Over the last two weeks we've begun to see just how the solar industry handled a hectic end of 2011 and how they view the market in 2012. Some manufacturers, like SunPower
Leading the disappointment is the company that was once the crown jewel of the industry. First Solar
Winners and losers emerge
If you look at the edges of the solar market, you can see there are low-cost manufacturers who create lower-efficiency modules and high-cost manufacturers who make higher-efficiency modules. When the solar market was beginning to grow, cost was the focus, and so First Solar took the lead because of its cost advantage.
In recent quarter, however, the tide has turned and efficiency has become the most important strategic factor. Strong earnings from efficiency leader SunPower and gains from one of China's more innovative manufacturers, Canadian Solar, have solidified this thesis. Despite its higher costs, SunPower was able to generate gross margins comparable to Chinese manufacturers, showing the power that efficiency has.
I expect the focus on efficiency to continue because module prices have fallen so far that the balance of system costs now exceed module costs, so the focus will turn to maximizing power output in space available.
This indicates a couple of things to investors: First, suppliers also took part in strong sales in the fourth quarter; and second, top-tier suppliers weren't able to leverage their positions in the market to squeeze out lower-tier manufacturers as some thought may happen.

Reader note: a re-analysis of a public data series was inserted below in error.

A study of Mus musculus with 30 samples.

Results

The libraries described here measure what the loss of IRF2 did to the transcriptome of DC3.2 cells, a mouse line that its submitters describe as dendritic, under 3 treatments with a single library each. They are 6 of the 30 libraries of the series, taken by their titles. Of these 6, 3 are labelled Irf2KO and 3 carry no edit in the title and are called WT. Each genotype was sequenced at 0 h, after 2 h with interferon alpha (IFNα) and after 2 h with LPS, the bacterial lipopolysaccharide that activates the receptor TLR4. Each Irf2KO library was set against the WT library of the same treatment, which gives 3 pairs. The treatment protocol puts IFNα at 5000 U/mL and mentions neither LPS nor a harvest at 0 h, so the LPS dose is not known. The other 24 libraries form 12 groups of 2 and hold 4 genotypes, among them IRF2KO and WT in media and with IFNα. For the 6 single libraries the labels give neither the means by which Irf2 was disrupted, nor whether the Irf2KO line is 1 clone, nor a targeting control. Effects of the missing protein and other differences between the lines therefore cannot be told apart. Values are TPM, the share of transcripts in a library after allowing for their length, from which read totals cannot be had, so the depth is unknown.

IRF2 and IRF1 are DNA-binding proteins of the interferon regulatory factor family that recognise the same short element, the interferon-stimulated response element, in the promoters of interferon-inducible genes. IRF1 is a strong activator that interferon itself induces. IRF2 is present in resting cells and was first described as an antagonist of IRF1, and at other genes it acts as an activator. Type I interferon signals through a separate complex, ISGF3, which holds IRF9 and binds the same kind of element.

When the company releases earnings later in March, we'll see if the increased shipments were able to pull the company into a positive gross margin.
Picking winners in China
One of the challenges for investors right now is trying to choose winners in the Chinese market. The manufacturers in China have so little to differentiate them that it's like picking the winner of a fight between twins. Costs are the same, efficiency is the same, and end markets are the same for all of these manufacturers. In reading earnings reports, outside of a blip from Yingli Green Energy
Consolidation is expected to occur in the industry, and as the market tightens, I would expect some companies to emerge as stronger than others. What we've seen with earnings and guidance from Canadian Solar, Trina Solar, Suntech, Yingli, and JA Solar is that the rising tide lifted most boats, but no one missed out completely. Until we see a few companies unable to compete or falter under heavy debt loads, it's hard to see who emerges as a winner or loser in potential consolidation.
Foolish bottom line
We'll continue to get more information about these solar manufacturers in coming weeks, but right now indications are that efficiency is winning and that China remains tough to read for investors. I'm keeping my outperform rating for SunPower on My CAPS and I'm looking for an exit point from my shares in First Solar. I think that's the best way to play the solar market trends right now.